Friday, August 26, 2016

Court, directed by Chaitanya Tamhane

India (Marathi, Gujarati, Hindi, English), 2014
116 min, drama, satire, realist
Directed by Chaitanya Tamhane
Starring Vira Sathidar, Vivek Gomber, Geetanjali Kulkarni, and Pradeep Joshi

An elderly folk singer is arrested for political reasons. What follows is an intimate look at the Indian legal system from the perspective of the three main participants: the defending attorney, the prosecutor, and the judge.

This film won Best Feature Film in the Indian National Film Awards and was India’s official entry for the Academy Awards.

Not a “Courtroom Drama”

I was rather disappointed when I first saw this film, and I think the main reason was its advertising as a “courtroom drama.” I was expecting it to be similar to great “courtroom drama” films like 12 Angry Men or To Kill a Mockingbird. But it isn’t like that at all.

Thursday, August 18, 2016

INTERVIEW: Indra Das on his debut novel The Devourers

Indrapramit (Indra) Das is an author from Kolkata, India who writes in the fantasy/science fiction genres. I reviewed his debut novel The Devourers when it came out in India last year. Indra is now working as the Speculative Fiction editor for Juggernaut Books, a new publishing company focused on mobile content. I caught up with him after his publicity tour for the US version of The Devourers, published last month by Del Rey.

I know you just finished your US publicity tour for The Devourers. How did it go? 

It went very well indeed, thank you for asking! I went to New York City for the launch, and met my American editor, Mike Braff, along with the entire team behind the book’s publication, promotion, etc. at the Del Rey / Penguin Random House offices. I had a lovely time with them all, and they held a gathering for me at a bar with free copies of the book for the launch. Then I joined them at San Diego Comic-Con, where I was on a couple of panels, and had three signings, and generally promoted the book at the Del Rey booth on the Con floor along with other writers published under the imprint. From there, I went to Seattle for a couple of readings at the University Bookstore and the Two Hour Transport reading series at CafĂ© Racer. And finally, Vancouver for one night for a reading at my favourite bookstore there, Pulpfiction Books. It all went so well (thanks greatly to the heroic efforts of the Del Rey team, and the generosity of my friends in all three cities), Comic-Con was as marvelously brain-frazzling as reputed (we sold out all copies of The Devourers at the Del Rey booth), and the panels and signings went better than I could have hoped. None of which necessarily says anything about the future of the book’s long-term cultural impact or sales, but it was a lovely start.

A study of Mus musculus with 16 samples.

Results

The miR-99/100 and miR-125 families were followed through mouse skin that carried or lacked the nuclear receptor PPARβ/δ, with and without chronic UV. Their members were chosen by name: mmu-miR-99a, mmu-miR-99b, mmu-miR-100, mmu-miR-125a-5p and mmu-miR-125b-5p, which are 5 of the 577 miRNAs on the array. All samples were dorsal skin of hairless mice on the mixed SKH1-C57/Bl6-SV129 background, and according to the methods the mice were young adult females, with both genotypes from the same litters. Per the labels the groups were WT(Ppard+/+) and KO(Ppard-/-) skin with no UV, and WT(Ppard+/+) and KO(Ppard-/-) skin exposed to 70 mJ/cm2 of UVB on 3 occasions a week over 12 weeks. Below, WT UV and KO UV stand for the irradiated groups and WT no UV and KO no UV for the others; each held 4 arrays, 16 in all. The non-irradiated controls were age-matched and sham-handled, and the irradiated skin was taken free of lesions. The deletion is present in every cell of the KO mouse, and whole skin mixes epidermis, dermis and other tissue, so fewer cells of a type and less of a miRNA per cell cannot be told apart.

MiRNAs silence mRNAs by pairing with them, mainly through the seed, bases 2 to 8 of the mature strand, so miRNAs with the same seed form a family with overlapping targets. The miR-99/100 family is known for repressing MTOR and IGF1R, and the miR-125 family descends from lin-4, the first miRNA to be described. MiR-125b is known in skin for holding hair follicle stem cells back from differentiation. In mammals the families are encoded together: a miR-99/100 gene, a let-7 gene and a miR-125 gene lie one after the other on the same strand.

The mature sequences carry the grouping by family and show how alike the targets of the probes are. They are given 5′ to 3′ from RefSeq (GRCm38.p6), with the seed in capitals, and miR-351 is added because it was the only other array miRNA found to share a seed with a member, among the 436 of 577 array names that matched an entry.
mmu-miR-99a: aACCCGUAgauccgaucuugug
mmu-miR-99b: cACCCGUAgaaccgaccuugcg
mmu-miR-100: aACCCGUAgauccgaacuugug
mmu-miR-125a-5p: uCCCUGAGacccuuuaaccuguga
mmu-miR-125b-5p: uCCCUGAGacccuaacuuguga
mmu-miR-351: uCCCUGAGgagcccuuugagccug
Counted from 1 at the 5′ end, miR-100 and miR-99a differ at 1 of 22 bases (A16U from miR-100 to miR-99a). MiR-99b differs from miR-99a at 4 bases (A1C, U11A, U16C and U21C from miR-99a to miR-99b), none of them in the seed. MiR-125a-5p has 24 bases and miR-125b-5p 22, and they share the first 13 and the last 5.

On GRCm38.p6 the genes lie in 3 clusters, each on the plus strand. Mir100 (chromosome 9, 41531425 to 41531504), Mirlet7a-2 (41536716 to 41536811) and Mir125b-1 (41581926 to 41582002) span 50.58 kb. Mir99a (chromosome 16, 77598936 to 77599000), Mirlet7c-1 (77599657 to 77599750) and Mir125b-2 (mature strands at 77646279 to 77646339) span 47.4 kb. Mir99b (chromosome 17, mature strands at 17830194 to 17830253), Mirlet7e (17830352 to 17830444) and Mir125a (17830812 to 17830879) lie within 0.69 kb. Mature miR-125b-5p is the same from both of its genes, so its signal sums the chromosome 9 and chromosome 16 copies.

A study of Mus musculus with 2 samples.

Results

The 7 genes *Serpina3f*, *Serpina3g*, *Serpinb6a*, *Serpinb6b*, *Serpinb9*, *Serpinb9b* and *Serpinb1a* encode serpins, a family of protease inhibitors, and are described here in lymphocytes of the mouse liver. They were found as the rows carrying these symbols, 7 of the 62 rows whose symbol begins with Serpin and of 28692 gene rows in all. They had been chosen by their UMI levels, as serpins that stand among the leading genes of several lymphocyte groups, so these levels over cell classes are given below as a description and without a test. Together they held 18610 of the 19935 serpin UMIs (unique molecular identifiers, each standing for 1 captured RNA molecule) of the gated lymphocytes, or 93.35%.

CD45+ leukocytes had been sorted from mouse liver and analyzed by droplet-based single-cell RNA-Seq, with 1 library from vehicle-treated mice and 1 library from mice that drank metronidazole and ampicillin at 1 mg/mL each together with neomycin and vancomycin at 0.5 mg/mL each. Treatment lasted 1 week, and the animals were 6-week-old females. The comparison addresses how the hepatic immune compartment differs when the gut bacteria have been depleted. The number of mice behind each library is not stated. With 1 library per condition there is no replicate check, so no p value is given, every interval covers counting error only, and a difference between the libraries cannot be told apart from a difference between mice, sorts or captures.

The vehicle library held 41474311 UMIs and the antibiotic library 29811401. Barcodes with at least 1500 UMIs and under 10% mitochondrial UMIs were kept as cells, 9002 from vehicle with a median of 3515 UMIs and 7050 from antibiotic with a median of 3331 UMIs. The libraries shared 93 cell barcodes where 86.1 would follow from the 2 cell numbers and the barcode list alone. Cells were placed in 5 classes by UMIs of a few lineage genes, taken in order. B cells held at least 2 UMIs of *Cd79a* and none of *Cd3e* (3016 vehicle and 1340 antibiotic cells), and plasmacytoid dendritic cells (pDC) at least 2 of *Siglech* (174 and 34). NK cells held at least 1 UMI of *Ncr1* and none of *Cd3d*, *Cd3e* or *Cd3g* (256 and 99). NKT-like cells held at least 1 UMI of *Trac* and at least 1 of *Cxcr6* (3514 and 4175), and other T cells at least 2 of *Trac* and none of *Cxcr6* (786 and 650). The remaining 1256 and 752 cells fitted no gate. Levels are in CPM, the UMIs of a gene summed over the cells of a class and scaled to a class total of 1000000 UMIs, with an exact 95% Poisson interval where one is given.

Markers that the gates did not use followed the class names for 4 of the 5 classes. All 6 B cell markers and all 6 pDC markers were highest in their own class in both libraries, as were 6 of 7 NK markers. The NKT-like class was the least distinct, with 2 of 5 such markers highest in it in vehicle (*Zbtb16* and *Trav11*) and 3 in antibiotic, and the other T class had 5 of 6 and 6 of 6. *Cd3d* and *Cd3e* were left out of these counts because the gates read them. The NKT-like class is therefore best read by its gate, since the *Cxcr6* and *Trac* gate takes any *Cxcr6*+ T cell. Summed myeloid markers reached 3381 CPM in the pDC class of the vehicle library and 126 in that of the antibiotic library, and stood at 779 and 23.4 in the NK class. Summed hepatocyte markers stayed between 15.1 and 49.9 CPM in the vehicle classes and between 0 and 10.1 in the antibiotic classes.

Have you noticed any differences between the novel’s reception in India and the US? 

Absolutely. The book is doing decently for a debut in India, but it’s not had much of a cultural impact, with not many writers or publications talking about it or writing about it (I am of course eternally grateful to the writers and publications who did). It got good reviews, certainly, but I didn’t get the impression that cultural gatekeepers were very interested in looking past the pitch - ‘werewolves in India’— to talk about it as a cross-genre novel rather than declare ‘oh hey, another Indian fantasy novel, those are pretty rare, right?’ and leave it at that.

Sunday, August 7, 2016

The Three-Body Problem by Cixin Liu, translated by Ken Liu

The Three-Body Problem
Cixin Liu
Translated by Ken Liu (Chinese)
Originally 2006, I read 2014 translation
415 pages, hard science fiction
Found: Barnes and Noble, West Chester, Ohio, USA

Caught up in the chaos of the Cultural Revolution, astrophysicist Ye Wenjie finds herself working for a secret government project after her father is brutally murdered for being an "intellectual." What should she do when she discovers the first sign of intelligent alien life?

In the present, Wang Miao is a researcher working on nanomaterials who is pulled into a secret government investigation of an international organization called the Frontiers of Science. Strange things begin happening - things that seemingly break the laws of physics. His one major lead is the online virtual reality game called Three Body, which seems to hold some of the answers he is searching for.

The scientific problem and the virtual world

Probably the most unique part of this book is the integration of virtual reality with the main storyline. While Wang Miao initially plays as part of the investigation, he soon becomes fascinated by the game for its own sake: it poses a complicated physics puzzle that appeals to his scientific mind.